Listen to this track by Bristolian trip-hop representatives along with one-time Cocteau Twins/This Mortal Coil chanteuse Elizabeth Fraser. It’s “Teardrop”, the second single off of their, well, massive 1998 album Mezzanine. It remains to be their most commercially succesful set. Not bad for the supposed difficult third album, although it would prove to be difficult in other ways.
By the time of this album’s release, a couple of things had changed. First, trip hop as a genre was morphing, including more ambient electronica textures and traditional rock/pop structures. Second, things had become tense between the three members of the band, with conflicting priorities and contradictory directions in the studio delaying this album’s release. Founding member Andrew “Mushroom” Vowles would depart during this period, due to the dreaded “creative differences”. One of those differences was being voted down for his assertion that the band should work with another singer on this track instead of Fraser; Madonna, who was excited to work with Massive Attack on this song. What would that have sounded like?
Yet, this song belied all the strife that surrounded the making of this record, in part thanks to the distinct and serene quality of Elizabeth Fraser’s vocal, with lyrics written by her. Those lyrics have been (mis)heard and (mis)interpreted by listeners many years after its release. Maybe what makes this song so special is that it somehow goes past literal meaning completely anyway, and moves into an area of meaning where words aren’t even the point.
Listeners were still pretty compelled by the words of this song anyway, of course, and remain to be almost twenty years later. They are extremely evocative, and just as hard to pin down. Perhaps it’s the video for the song that drove the interpretation of this song for a lot of people, featuring an in utero foetus, a visual idea that sprung from the very heartbeat-like pulse of this tune, maybe. All of this got a lot of people talking about abortion. Why does the mere idea of a foetus seem to prompt that more so than representing the promise of birth? Curious.
Interestingly, it is this very graphic imagery that caught the attention of producer Bryan Singer, who was working up a little show called House, M.D. Not only was this tune used as the theme song (in North America only due to licensing issues), but the graphic effects found in the video provided the inspiration to many of the speical effects in the show; that internal close-up medical stuff that they show as House describes what’s happening inside the patient of of the week.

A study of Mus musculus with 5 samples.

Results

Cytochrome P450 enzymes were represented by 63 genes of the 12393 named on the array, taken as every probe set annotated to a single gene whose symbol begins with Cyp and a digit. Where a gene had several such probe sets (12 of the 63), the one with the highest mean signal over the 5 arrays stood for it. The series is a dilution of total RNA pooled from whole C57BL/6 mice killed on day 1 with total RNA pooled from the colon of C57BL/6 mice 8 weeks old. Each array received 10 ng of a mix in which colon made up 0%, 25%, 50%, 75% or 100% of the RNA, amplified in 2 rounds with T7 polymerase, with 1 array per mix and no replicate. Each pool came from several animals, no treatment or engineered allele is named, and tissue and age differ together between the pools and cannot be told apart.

Apart from the imagery found in the video, I don’t think it follows that the song is inextricably connected to it. An important factor that may have affected the outcome when it came to writing this tune was Fraser’s relationship with Jeff Buckley, who drowned around the time this song was being developed. Fraser herself has said that on a certain level and in retrospect, this song is about Buckley and what his friendship meant to her. Even she engaged in some interpretation of this song, then. But with that context in mind, I get the feeling that it’s the physical act of her singing this song itself that connects with that emotional space more so than the actual lyrics do.
In this, we’re reminded of the limited nature of language, and that sometimes the sound a heart makes when in certain intense emotional spaces is more important than literal meanings of the words that happen to come out. In pop music alone, this certainly dates back to Little Richard’s Awopbopalobopawopbamboom, and possibly further back still. This connects with the idea of the delicate and very mysterious nature of life as we experience it, with many of the most meaningful things we find in life that evoke the most profound feelings in us being out of the reach of mere language.
This is why certain songs and pieces of music in general are so tied to the emotional chapters of our lives. They help us understand things better than anything that could be conveyed through mere words, even if we ourselves cannot express them.
After a few variations in line-up, Massive Attack is a going concern today, including fellow trip-hop practicioner and original member Tricky back in their ranks. You can find out more about them at massiveattack.co.uk.
For more about Elizabeth Fraser, you can read about how her writing was always tied up with her emotional state with lyrical intention being secondary, in this article from The Guardian from 2009, a time when she was getting back on her feet as a solo artist after a period of relative quiet from her.